The Star Wars characters we want to get solo series include Mara Jade and Talon Kardde.
In the Star Wars universe, characters often discuss The Force, getting into cosmic questions about what events were and were not meant to happen. And while we’re still not sure if it was the will of the Force that Stars Wars films like Solo and The Rise of Skywalker were commercial and critical flops (respectively), we do like that it gave rise to various Star Wars series on Disney+ that focused on singular characters such as The Mandalorian. But their galaxy is as big as it is far, far away, so I decided to take a deeper look at some of the other characters who deserve their own series.
Mara Jade is the fan-favorite Star Wars character that was introduced by Timothy Zahn way back in his original Thrawn trilogy of novels. In the Star Wars EU, Mara was a very complex character: she became a servant of the Emperor at a young age, and she was left adrift and desiring to kill Luke Skywalker for years before having to team up with him to stop another round of Clone Wars. Now that it’s an open secret that we’re going to be getting a live-action pseudo-adaptation of Zahn’s original story in Ahsoka, it would be the perfect time to get a series focusing on what Mara Jade did in the long years following Palpatine’s death.
Yes, Star Wars fans, you can go ahead and say it: we love Timothy Zahn’s Star Wars novels, and in addition to giving Mara Jade her own series, her smuggler mentor Talon Kardde deserves one, too. In the original Thrawn trilogy, Kardde was basically a version of Han Solo that took over as the biggest name in smuggling after Jabba died rather than joining the Rebellion (at least, not right away). The simple truth is that we’ve deserved a proper Star Wars series focusing on the galactic fringe ever since plans for Star Wars: Underworld were scrapped, and Talon Kardde would be the perfect character to center such a series around.
When Marvel got the license back to make Star Wars comics, they hit the ground running with a mixture of familiar characters and newer ones. The best of these newcomers is Doctor Aphra, a kind of amoral archeologist who was once forced to serve Darth Vader before faking her death and striking out to have her own misadventures. This character and her comics are filled with the kind of heart and humor that modern Star Wars often lacks, and since that awful Boba Fett show already introduced her Wookie comic companion Krrsantan, we think it’s past time she gets her own show in which to shine.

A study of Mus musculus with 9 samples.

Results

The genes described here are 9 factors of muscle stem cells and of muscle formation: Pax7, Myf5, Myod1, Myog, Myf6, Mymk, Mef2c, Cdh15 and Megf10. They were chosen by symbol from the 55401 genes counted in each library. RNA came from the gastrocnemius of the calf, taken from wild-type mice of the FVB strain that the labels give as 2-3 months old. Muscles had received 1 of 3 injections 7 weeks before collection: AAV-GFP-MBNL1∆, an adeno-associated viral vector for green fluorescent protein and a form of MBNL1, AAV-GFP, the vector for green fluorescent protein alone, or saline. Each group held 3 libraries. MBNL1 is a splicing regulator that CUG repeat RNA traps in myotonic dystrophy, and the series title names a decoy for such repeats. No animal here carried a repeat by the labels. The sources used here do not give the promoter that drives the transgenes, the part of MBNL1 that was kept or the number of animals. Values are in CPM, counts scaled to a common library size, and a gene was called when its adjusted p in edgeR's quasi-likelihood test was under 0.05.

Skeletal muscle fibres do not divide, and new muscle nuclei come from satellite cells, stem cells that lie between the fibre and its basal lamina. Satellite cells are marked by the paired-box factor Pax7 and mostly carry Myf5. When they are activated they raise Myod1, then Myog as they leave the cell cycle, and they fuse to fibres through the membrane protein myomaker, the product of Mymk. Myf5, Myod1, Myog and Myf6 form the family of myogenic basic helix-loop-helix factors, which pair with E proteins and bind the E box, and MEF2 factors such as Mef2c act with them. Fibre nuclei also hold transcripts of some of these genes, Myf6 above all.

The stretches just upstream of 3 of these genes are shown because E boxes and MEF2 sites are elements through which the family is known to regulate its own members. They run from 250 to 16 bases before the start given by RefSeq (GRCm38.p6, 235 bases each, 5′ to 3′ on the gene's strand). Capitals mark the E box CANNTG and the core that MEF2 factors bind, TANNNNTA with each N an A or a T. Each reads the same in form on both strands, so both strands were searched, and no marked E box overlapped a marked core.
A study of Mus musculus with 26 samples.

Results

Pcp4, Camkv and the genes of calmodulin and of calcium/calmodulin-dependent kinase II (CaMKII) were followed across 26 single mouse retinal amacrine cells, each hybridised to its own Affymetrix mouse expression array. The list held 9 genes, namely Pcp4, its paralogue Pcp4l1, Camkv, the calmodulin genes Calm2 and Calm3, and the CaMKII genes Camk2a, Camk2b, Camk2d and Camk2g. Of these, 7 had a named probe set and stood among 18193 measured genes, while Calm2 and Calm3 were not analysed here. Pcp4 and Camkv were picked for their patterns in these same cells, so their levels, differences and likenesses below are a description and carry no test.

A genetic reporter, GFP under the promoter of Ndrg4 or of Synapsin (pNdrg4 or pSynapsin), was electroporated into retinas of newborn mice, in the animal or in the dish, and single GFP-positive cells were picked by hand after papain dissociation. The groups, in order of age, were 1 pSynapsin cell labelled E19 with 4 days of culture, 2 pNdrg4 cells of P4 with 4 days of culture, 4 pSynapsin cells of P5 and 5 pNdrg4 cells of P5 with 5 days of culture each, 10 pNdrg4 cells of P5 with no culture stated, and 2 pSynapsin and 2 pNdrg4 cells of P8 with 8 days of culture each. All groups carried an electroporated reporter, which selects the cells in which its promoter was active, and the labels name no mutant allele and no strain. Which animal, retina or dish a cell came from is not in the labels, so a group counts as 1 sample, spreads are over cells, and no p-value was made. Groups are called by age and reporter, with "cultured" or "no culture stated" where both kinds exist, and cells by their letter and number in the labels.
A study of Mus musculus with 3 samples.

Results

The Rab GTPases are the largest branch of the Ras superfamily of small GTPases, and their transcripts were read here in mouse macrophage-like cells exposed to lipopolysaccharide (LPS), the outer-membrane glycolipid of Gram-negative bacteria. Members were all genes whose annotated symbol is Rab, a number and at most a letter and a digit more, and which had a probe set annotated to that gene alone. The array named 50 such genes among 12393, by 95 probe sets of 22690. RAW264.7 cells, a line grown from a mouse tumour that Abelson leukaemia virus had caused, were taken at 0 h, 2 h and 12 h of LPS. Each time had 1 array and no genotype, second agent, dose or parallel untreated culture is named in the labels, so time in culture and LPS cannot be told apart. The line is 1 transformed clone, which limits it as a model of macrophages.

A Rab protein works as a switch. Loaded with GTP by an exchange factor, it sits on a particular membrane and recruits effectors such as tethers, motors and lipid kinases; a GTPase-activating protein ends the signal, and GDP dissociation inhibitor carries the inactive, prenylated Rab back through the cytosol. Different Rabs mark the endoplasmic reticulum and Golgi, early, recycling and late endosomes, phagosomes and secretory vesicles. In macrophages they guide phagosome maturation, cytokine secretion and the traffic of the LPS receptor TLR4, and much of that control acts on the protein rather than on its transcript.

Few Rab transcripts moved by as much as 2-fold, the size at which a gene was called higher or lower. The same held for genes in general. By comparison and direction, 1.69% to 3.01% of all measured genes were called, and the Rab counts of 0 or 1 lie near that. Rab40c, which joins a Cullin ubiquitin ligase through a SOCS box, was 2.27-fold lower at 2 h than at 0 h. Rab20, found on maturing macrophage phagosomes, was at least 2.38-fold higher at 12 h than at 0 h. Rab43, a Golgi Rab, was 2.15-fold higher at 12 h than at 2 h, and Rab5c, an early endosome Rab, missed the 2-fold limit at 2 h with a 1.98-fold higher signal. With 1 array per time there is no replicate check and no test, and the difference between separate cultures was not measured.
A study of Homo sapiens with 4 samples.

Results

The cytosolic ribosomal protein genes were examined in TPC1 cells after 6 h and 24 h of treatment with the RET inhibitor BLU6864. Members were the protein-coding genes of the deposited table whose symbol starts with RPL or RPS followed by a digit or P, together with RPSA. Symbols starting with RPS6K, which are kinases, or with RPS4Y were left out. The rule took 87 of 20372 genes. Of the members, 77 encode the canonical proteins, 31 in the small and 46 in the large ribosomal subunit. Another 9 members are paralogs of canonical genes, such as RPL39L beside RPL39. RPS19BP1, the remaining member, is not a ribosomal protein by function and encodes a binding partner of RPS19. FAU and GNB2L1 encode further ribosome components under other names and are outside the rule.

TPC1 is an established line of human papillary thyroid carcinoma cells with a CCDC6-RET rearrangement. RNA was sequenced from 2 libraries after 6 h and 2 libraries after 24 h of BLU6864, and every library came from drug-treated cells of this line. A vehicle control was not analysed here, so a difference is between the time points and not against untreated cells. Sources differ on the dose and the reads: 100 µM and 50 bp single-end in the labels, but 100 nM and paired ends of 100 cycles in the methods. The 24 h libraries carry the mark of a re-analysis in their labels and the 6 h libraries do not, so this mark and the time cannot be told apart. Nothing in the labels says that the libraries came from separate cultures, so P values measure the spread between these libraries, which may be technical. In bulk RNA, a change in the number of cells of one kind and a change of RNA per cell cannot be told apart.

Some Star Wars fans may balk upon seeing Captain Rex on this list because, quite frankly, we’ve already seen so much of him, both in the original Clone Wars show and the later spinoff Rebels. But there are some fascinating gaps in Rex’s history, including the gap between his “retirement” and joining the Rebellion and the gap between his pre-A New Hope recruitment and his appearance (if you believe Dave Filoni) in the strike on Endor. This guy has been around for almost as many epic galactic events as R2-D2, and we’d love to see a series focusing on him as an old clone distrusted by others who must train a new generation of young warriors.
Darth Maul is what happens when a character that looks cool but is completely one-dimensional later and gets fleshed out later by better Star Wars writers. In The Phantom Menace, Maul was little more than a menacing cipher, but later writers turned him into everything from a mysterious gang lord to a kind of Sith Ronin out to kill Darth Vader, all before Obi-Wan Kenobi finally finished him off for good on the dusty plains of Tattooine. Maul’s onscreen cameos are always brief but memorable, and we’d love for him to have a live-action series to better explore this killer character and his murky motivations over the years since his first apparent death.
Most Star Wars fans agree that the Sequel Trilogy was a major failure, but the films had some amazing characters and performers, with the most impressive being Adam Driver’s character Kylo Ren. The character seems to have a cool backstory, complete with a seeming betrayal at the hands of Luke Skywalker and then creating his own mysterious Knights of Ren.
But since all he got to do in the sequels was monologue and fight, we’d love for him to get a solo (so to speak) series exploring more of his journey with the Force and his plans for the First Order. And that Star Wars show could answer our biggest question: just who were the Knights of Ren, and why were we supposed to care when they went down like chumps in that last movie?